Ratings (3 out of 5)
Errementari entertains and keeps the audience connected to the characters through the end of the movie and an interesting take on one of the oldest European folktales.
Beware: 1) The move is dubbed and the dubbing can be disconcerting at times. 2) I watched with subtitles and the subtitles did not match exactly what was being said which was really weird.
Plot: A little girl Usue (Uma Bracaglia) stumbles into the blacksmith’s Paxti (Kandido Uranga) house where Paxti holds a demon in a cage. Paxti has made a deal devil and the demon was there for his soul. The villagers come to rescue Usue but mistakenly release the demon.
What I Liked: Paxti shows Usue different ways to torture the demon, Sartael, some of which I have never heard. The one that was the most interesting was the demons compulsion to count chickpeas. Then of course, at the end of the movie, the various items are used in the final battle.
There are two plot lines you see coming but still enjoy anyway. They executed aligning Usue’s and Paxti’s story together well and intertwined their stories for the finale. Another demon is revealed later in the movie which again ties everything together well.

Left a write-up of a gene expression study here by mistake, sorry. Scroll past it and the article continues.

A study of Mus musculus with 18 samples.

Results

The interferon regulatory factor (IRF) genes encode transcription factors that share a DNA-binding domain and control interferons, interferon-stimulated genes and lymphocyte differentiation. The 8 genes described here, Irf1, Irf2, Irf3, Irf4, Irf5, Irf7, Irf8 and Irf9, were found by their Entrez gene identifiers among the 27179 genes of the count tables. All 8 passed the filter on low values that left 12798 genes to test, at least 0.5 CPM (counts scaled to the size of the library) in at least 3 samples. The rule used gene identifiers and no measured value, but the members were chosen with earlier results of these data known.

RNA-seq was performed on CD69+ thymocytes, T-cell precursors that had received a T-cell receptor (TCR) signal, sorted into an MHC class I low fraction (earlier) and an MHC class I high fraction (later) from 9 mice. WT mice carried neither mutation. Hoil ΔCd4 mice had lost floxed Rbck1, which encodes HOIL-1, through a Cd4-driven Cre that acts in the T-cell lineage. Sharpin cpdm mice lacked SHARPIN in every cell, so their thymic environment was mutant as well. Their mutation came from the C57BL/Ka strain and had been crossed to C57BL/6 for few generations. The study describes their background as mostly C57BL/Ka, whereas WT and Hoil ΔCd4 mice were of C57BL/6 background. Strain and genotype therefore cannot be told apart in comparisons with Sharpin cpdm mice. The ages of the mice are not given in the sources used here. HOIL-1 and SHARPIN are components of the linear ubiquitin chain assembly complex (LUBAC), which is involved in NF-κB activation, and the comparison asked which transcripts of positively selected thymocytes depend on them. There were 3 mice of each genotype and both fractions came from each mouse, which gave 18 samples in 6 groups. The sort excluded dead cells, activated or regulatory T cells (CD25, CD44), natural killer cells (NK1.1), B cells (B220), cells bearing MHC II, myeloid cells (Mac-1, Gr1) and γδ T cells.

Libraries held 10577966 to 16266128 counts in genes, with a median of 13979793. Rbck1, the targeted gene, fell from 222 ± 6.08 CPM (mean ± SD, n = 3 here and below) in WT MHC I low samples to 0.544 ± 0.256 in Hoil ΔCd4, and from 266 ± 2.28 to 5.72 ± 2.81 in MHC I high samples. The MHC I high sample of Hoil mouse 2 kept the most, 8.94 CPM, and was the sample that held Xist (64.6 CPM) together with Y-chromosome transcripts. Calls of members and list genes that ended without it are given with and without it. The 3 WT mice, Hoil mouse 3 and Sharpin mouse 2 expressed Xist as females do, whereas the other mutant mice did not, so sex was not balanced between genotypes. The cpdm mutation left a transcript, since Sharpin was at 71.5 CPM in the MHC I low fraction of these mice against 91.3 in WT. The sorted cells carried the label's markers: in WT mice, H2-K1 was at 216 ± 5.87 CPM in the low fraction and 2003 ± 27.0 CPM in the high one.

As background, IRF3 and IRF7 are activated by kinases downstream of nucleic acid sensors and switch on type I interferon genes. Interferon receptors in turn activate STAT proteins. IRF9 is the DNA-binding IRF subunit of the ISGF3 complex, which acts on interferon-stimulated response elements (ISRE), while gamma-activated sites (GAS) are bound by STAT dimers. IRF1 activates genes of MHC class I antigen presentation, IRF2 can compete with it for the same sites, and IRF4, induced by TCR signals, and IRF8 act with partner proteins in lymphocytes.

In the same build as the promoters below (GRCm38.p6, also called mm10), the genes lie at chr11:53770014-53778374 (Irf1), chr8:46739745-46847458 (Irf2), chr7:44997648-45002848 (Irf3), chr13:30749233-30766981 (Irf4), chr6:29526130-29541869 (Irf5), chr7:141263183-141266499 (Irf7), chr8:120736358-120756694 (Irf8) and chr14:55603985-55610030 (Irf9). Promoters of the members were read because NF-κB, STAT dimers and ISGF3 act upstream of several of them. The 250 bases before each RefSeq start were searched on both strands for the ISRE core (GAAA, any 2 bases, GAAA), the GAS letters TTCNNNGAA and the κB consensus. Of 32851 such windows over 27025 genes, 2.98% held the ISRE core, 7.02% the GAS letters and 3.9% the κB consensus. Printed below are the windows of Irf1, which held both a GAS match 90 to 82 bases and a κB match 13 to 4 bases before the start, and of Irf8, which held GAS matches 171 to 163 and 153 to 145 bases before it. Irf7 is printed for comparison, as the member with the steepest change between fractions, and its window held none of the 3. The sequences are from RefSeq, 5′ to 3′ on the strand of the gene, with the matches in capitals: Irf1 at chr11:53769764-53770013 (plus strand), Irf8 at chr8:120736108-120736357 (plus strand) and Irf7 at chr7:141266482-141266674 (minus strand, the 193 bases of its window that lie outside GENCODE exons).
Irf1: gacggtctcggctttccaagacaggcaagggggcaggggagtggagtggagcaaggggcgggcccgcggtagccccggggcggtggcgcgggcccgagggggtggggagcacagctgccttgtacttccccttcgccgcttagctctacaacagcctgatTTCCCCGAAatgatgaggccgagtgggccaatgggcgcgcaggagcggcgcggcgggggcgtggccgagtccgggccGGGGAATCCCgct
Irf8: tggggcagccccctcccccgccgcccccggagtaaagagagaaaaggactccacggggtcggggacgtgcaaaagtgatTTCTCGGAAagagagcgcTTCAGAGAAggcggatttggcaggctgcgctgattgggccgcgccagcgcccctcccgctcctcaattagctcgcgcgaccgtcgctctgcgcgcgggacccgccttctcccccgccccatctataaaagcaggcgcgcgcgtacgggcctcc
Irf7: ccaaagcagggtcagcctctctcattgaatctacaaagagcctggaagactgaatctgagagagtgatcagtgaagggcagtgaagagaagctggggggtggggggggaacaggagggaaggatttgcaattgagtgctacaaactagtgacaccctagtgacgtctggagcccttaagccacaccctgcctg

I enjoyed how Sarteal gets away in the end and tells the tale of the Devil and the Blacksmith.
What I Didn’t Like: The villagers are thinly constructed characters and wish the director would have established the relationship between Paxti and villagers more.
The final scene as Paxti battles the demon seemed relatively easy and quick. Either increase the difficulty of the final battler or extend the scenes the scenes before the battle, and then cut to how it all ends.
Conclusion: A story similar to Pan’s Labryinth but I wasn’t as invested in the Usue to the same degree as Ofelia in Pan’s Labyrinth. If you like folklore and demons, this isn’t a bad movie.